Dominican food near me
The foods of the Dominican Republic are among the many cuisines the Latin American community offers to South Florida.
is influenced by African, Spanish, Taíno Indian ,Pakistan and Middle Eastern cultures, using milder spices than their ancestral cuisines. Looking at a menu can be overwhelming for those inexperienced with the food, so here are the best options for those with a curious palates.
Middle Eastern cultures
- Better known as chimi among natives, this is a sandwich made with beef or chicken, topped with shredded cabbage, tomato and salsa rosada. It is a popular street food in D.R. and a common find in restaurants in Miami. The chimi can be found for $8 at Llego el Sabor in Hialeah, where it is a customer favorite, according to manager Tito Gomez. The restaurant is known by locals for its fast-food style of meals. And it is now re-opened for dine-in.
- Mofongo is made from fried green plantains that are mashed with garlic and mixed with fried pork cracklings. The churrasco is a grilled skirt steak cooked on a barbecue grill. The dish is often considered Puerto Rican, though herbs and spices used in the D.R. such as oregano, sofrito and cilantro distinguish them from their P.R. counterpart, said Mariana Abreu, co-founder of Puritas Restaurant & Lounge in Pembroke Pines. The mofongo can often be served with chicharron (pork cracklings) or longaniza (sausage). It’s a filling meal sold for $20 at Puritas, so come hungry.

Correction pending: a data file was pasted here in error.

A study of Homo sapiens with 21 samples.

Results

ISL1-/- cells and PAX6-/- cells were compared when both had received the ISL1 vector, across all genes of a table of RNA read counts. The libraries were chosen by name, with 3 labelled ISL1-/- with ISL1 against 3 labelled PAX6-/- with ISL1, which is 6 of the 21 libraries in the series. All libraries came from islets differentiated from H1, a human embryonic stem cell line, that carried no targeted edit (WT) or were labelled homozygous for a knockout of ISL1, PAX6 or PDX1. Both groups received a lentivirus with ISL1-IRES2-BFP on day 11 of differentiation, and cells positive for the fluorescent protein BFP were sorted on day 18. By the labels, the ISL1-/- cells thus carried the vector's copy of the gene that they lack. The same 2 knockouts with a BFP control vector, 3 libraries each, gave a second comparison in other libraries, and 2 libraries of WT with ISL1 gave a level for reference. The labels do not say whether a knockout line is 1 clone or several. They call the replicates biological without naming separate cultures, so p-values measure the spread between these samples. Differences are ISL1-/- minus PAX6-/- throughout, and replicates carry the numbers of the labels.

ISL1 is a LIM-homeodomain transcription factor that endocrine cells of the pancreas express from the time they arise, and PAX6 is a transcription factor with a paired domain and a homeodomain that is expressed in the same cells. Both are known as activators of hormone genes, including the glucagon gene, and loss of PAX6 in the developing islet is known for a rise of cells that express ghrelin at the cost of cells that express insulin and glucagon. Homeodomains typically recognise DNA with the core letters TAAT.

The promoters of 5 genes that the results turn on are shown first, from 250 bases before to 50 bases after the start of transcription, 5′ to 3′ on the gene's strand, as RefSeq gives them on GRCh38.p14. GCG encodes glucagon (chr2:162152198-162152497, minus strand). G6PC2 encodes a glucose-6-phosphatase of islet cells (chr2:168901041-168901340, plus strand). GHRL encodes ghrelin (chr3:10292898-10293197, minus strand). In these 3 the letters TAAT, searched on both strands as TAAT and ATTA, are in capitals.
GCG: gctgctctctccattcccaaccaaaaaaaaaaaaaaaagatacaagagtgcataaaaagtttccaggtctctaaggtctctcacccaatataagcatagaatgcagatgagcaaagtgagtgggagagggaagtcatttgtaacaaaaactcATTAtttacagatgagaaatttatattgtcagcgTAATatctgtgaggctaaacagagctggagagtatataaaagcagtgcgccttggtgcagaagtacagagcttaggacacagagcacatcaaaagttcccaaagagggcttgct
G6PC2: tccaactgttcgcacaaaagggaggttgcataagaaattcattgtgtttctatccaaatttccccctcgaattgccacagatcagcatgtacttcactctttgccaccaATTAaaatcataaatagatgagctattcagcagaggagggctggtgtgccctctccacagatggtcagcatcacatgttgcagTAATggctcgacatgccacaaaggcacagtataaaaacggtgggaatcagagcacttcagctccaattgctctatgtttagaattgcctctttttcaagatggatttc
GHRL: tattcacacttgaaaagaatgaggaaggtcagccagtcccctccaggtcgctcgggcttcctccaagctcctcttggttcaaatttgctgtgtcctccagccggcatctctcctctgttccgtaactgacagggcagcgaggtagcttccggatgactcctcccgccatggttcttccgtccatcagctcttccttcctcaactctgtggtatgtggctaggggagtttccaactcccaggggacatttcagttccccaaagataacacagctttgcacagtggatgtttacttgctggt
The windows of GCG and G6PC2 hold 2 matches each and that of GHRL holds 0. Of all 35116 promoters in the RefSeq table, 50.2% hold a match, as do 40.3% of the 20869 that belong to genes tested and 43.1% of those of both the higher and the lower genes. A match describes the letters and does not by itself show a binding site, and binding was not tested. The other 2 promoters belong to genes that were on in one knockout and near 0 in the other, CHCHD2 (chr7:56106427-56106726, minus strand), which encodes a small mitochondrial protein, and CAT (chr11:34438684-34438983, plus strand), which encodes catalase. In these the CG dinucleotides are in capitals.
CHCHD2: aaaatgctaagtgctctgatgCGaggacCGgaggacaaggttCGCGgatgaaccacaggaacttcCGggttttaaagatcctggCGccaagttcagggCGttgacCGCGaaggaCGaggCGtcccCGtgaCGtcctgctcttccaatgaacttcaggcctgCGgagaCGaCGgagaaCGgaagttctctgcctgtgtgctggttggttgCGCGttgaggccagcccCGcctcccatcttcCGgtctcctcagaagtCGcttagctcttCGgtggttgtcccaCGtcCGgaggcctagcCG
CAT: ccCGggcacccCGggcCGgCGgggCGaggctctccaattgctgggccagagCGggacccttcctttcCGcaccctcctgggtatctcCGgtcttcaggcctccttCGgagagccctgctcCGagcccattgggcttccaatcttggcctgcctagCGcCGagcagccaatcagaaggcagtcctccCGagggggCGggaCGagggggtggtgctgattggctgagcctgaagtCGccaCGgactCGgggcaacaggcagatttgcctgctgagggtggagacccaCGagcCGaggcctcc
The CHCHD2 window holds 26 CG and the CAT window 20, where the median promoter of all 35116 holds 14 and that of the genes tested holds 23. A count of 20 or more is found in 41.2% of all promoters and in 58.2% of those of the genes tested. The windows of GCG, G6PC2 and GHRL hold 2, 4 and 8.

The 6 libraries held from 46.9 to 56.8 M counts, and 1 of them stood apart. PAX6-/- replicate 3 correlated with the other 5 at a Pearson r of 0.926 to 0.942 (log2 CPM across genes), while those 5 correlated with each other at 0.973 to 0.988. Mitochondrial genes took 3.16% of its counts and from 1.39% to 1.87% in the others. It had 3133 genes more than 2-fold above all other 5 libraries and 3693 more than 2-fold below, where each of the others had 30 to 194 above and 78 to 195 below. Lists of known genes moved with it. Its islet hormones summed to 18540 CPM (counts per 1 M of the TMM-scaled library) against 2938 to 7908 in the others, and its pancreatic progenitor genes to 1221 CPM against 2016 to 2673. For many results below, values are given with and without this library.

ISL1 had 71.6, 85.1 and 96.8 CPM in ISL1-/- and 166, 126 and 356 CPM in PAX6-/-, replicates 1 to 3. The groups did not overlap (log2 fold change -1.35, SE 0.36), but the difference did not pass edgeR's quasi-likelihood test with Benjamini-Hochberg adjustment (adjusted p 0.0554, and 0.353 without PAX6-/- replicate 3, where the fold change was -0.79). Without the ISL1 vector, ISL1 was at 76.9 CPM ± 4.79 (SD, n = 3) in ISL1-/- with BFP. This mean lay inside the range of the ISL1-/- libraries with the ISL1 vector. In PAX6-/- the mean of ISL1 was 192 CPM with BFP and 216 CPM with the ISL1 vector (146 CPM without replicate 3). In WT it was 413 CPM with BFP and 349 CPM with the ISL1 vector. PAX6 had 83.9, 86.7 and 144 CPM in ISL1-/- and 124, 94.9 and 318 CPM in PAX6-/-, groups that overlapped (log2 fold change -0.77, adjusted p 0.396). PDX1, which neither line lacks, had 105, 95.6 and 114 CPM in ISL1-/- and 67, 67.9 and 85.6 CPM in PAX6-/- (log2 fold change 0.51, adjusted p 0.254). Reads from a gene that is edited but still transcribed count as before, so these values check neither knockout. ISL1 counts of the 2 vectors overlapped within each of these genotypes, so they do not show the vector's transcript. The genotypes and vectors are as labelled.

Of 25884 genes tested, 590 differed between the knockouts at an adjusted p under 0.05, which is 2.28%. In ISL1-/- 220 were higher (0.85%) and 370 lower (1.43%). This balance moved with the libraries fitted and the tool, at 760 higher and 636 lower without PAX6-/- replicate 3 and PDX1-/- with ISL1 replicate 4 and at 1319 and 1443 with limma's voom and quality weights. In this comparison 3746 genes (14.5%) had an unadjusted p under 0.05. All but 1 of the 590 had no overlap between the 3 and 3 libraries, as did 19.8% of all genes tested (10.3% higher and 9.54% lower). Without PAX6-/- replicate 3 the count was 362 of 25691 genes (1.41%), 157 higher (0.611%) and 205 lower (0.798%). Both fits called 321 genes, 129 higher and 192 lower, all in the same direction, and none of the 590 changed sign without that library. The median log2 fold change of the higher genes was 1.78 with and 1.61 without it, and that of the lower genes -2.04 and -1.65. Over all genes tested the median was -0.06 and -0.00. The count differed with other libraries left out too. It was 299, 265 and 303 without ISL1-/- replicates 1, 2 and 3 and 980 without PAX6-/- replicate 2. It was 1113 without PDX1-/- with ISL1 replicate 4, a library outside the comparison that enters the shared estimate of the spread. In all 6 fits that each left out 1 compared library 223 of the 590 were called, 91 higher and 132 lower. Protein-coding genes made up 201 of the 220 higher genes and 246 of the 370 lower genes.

- The word regionally means snacks, this is a mixed sampler platter of fried cheese and salami, longaniza (sausage), and chicharron with tostones served on the side. With several meat options per plate, this is a must for any meat-lovers out there. It’s often shared among groups as an appetizer, though some restaurants offer personalized portions. The cost of a picadera for three to four people is $30, while a personal platter costs $12.